The photo made available by U.S. space firm SpaceX on March 30, 2017 shows the company's Falcon 9 rocket at the Kennedy Space Center in Florida, the United States.
U.S. space firm SpaceX made history on Thursday as it launched an already-used Falcon 9 rocket back into space for the first time and then landed its first stage on a droneship in the Atlantic Ocean.
The two-stage rocket, carrying a communications satellite into orbit for Luxembourg-based satellite operator SES, blasted off at 6:27 p.m. EDT (22:27 GMT) from the Kennedy Space Center in Florida.
About 10 minutes later, the first stage, or booster, achieved a successful landing on the “Of Course I Still Love You” droneship that was stationed in the Atlantic Ocean.
“We just had an incredible day today,” SpaceX CEO Elon Musk said during a live webcast of the launch. “The first reflight of an orbital class booster did its mission perfectly, dropped off the second stage, came back and landed on the droneship, right in the bullseye.”
Elon said the feat means it can fly and refly an orbital class booster, which is the most expensive part of the rocket.
“This is going to be ultimately a huge revolution in spaceflight,” Musk continued. “It's the difference between if you had airplanes where you threw away an airplane after every flight versus you could reuse them multiple times.
Previously, the first stage of the rocket for the SES-10 mission flew in a cargo resupply mission to the International Space Station cargo for the the U.S. space agency NASA in April 2016.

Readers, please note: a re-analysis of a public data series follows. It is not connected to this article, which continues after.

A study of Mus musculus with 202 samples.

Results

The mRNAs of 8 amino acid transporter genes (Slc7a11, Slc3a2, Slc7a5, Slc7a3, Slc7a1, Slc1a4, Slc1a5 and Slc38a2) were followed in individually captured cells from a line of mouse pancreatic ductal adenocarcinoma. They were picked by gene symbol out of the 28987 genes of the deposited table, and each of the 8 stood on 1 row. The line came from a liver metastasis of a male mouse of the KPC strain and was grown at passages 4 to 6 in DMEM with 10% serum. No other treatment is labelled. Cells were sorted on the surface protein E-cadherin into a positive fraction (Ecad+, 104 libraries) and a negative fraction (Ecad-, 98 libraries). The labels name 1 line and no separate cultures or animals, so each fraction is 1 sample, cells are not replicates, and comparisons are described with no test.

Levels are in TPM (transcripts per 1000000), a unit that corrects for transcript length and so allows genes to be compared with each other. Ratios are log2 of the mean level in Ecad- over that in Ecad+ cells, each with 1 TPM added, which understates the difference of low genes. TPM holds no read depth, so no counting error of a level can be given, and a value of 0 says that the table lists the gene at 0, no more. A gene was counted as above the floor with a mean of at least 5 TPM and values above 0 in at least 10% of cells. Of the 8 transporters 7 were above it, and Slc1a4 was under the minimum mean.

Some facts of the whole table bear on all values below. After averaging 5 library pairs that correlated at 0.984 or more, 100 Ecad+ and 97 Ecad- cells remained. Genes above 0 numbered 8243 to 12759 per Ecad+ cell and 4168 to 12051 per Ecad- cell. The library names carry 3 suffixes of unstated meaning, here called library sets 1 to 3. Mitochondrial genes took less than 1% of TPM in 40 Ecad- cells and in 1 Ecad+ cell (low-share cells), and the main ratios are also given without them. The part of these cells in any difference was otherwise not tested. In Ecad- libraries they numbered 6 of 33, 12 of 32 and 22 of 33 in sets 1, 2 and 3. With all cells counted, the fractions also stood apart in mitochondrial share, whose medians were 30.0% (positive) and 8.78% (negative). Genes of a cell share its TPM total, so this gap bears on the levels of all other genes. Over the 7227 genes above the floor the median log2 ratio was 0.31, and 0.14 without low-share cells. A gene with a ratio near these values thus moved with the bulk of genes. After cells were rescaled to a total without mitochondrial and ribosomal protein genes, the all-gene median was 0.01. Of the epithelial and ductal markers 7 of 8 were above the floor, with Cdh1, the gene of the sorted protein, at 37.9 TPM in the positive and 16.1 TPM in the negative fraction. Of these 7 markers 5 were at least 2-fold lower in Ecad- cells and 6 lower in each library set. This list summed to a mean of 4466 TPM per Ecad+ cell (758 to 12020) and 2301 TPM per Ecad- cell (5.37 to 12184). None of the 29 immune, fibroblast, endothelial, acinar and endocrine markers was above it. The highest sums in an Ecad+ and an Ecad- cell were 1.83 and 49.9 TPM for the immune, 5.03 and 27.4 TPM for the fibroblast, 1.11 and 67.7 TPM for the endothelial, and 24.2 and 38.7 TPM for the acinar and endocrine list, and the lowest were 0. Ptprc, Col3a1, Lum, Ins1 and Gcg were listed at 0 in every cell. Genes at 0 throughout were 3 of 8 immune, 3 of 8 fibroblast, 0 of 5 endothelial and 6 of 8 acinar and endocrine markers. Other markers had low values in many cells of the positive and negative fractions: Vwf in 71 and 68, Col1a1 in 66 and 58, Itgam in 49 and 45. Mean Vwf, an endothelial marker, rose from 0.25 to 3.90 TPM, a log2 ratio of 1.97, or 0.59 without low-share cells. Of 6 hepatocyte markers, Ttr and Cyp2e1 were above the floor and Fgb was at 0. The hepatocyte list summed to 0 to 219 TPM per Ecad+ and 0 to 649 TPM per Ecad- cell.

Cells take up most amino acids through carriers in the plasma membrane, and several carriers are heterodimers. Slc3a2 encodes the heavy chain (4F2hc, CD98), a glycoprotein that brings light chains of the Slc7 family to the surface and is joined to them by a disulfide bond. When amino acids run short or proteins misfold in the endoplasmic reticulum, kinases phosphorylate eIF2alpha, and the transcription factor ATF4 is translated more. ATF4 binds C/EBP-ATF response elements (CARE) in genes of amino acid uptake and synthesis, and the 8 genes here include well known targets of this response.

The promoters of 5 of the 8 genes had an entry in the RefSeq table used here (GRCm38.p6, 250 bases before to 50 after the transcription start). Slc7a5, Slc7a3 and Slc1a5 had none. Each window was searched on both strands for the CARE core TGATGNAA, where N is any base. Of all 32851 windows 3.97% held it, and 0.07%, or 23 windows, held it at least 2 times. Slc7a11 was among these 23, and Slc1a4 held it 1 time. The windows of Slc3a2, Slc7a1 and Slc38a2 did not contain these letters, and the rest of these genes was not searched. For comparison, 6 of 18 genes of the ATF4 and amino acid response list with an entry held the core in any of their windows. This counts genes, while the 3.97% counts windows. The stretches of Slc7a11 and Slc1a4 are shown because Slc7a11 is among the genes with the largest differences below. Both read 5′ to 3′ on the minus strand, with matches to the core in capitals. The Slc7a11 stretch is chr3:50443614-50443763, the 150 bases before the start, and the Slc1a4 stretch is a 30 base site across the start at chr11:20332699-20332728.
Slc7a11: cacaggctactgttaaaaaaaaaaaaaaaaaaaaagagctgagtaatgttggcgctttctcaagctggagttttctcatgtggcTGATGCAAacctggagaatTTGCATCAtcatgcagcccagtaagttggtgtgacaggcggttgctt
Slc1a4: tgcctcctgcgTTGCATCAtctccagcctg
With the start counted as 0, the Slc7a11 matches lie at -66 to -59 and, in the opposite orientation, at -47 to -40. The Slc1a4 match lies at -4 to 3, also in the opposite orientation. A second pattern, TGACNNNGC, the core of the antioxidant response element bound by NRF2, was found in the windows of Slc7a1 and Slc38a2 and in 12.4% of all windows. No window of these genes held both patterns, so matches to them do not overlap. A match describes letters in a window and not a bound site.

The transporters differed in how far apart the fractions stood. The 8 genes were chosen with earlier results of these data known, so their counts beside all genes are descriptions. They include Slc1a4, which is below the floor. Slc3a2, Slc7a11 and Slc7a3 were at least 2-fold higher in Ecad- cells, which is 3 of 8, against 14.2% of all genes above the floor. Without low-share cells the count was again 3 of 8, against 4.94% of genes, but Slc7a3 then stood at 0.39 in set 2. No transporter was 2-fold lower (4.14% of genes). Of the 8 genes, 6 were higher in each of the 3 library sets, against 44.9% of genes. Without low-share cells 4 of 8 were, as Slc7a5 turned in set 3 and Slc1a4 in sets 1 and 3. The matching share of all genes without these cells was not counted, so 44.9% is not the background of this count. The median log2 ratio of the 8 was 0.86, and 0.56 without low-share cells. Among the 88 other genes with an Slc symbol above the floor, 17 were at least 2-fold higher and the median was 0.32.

SpaceX achieved a space industry first in December 2015 when its Falcon 9 rocket booster successfully landed upright on solid ground at Cape Canaveral, Florida, after launching 11 small satellites into orbit.
The feat has since been repeated both on land and at sea for multiple times.
SpaceX's rival firm, Blue Origin, owned by Amazon founder Jeff Bezos, successfully completed similar rocket recovery tests, but all of its missions were suborbital, not orbital, ones.
All these attempts were aimed at producing a fully and rapidly reusable rocket, which allegedly will dramatically reduce the cost of space transport.
Traditionally, rockets are designed for a single use only, burning up or crashing into the ocean after liftoff.
Falcon 9's second stage, which currently still is expendable or single use, also succeeded in its mission to send the SES-10 satellite to a geostationary transfer orbit.
Once in position, the satellite will provide telecommunications services to Latin America.
SES has been known to be ”a strong supporter“ of SpaceX's approach to reusability over the years. Back in 2013, it was the first company to launch a commercial satellite on a Falcon 9 rocket.
The European satellite operator hailed Thursday's launch as ”one step closer to rapid rocket reusability“ and ”one step closer to faster, easier access to space.“
”Reusable rockets will not only drive down the launch cost,“ it said in a statement. ”They will also allow a higher launch frequency, which will definitely bring a new agility and competitive edge to the satellite industry."